Right now, in the brain cells of 12 million people around the world, there are messy, abnormal tangles of a protein called tau. Surrounding the neurons of these people (there are 1.6 million of them in Japan and 4 million in the United States) are plaques of a protein fragment called beta-amyloid.
In healthy brains, tau serves to both assemble and support the “scaffolding” systems that give neurons their structure and enable them to function. Somehow, the fragments of beta-amyloid cause tau filaments to change shape and tangle. The tangled fibers can’t support their neurons, which die. Memories fade and are lost, and, eventually, dementia sets it. And as lifespans around the world increase, so will the number of people with neurodegenerative disorders.
Scientists have been trying to find a link between the tangles and the plaques ever since Alois Alzheimer described them in 1906 in the brain of a patient with dementia. And this week, for the first time, the link has been made.
Such programmed cell death is called apoptosis, and it occurs when cells need to be eliminated for proper development, for example, the fingers and toes of a fetus have tissue connecting them and this needs to be removed for them to form properly. Cells also need to be eliminated when they are infected by a virus or a cancer.
Lester Binder and Vincent Cryns of the Feinberg School of Medicine at Northwestern University, Evanston, Ill., knew that in sufferers of Alzheimer’s disease, caspases were activated in dying neurons and that under some circumstances they “cut” the filaments of tau protein. The scientists reasoned that caspases might cut tau into the shorter, abnormal form that make up the tangles in the neurons of Alzheimer-affected patients.
Binder and Cryns demonstrated that exposing neurons to beta-amyloid activates caspases, which then chop up the tau filaments. They then showed that this truncated form of tau was much more prone to forming abnormal filaments that resemble tangles, suggesting that amyloid exposure might promote tangle formation through the action of caspases on tau. Their paper appears in this week’s edition of the Proceedings of the National Academy of Sciences.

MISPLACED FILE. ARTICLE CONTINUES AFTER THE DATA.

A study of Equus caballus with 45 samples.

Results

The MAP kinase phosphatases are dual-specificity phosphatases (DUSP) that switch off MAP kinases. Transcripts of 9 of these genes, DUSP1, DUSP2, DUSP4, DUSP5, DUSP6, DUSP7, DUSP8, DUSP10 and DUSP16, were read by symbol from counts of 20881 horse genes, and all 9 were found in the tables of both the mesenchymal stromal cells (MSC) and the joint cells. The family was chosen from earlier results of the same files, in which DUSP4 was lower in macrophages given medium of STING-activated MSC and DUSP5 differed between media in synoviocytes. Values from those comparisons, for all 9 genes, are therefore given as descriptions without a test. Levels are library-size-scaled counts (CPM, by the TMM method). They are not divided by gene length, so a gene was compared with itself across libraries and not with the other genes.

To provide additional evidence of the relevance of this result to Alzheimer’s disease, Binder and Cryns also created an antibody that specifically recognizes the truncated form of tau produced by caspases. With this antibody, they demonstrated that tau is commonly cut at the same place in the tangles in Alzheimer’s disease, indicating that caspase chopping of tau may play a role in tangle formation in this disease.
“Tau may be the bullet fired by the amyloid gun,” said Binder. “Amyloid activates the caspases that truncate tau, causing it to form tangles and likely promoting the death of the neuron. Finding the full pathway in the chain of events that now includes amyloid, caspases, tau tangles and neuronal death will be the next challenge.”
By suggesting a new link between the two major brain abnormalities in Alzheimer’s disease, Binder and Cryns hope their work will “provide a common ground between the amyloid and tau proponents and point to the need to consider both of these interrelated pathological events in future studies and therapies.”
There is still a long way to go, though, to untangle the factors contributing to the development of Alzheimer’s. Binder and Cryns have shown that caspase proteins link amyloids and tau, but in a paper published in Nature this week, another group of researchers identify a different protein that protects against the disease.
Cell biologist Kun Ping Lu of Beth Israel Deaconess Medical Center T Harvard Medical School, Boston, Mass., led a team analyzing the brains and behavior of mice lacking a gene called Pin1.
As the mice aged, they began to develop problems with coordination and balance. Abnormal protein tangles were seen inside vulnerable brain cells, and over time neurons began to die off.
Humans with Alzheimer’s, Down’s syndrome and Pick’s disease show similar features.
“We’ve now shown that Pin1 plays a pivotal role in protecting against age-dependent neurodegeneration,” said Lu. “This makes a convincing case that this enzyme should be taken into consideration in future studies of Alzheimer’s disease.”
Test-tube studies found that Pin1 has the ability to restore tangled tau fibers to their original shape. This finding led Lu and his colleagues to hypothesize that Pin1 might also be able to prevent tangle formation and the resulting neurodegeneration.
In another twist, Lu’s laboratory has discovered that Pin1 is dramatically “overexpressed” in many human cancers. This overexpression — the production of too much of a gene’s protein — is critical for these malignancies to develop in the first place.
So it seems that certain cancers share common genetic elements with Alzheimer’s disease, suggesting that Pin1 may prove to be the missing link between these two seemingly distinct areas of disease, both of which grow much more common with age.
“Pin1 represents a new category of genes whose expression is required to guard against age-dependent neurodegeneration,” said Lu.
Eating oily fish, doing crossword puzzles and even knitting are all said to protect against Alzheimer’s. But this week’s research suggests that there might one day be a clinical treatment for the disease that erases memories.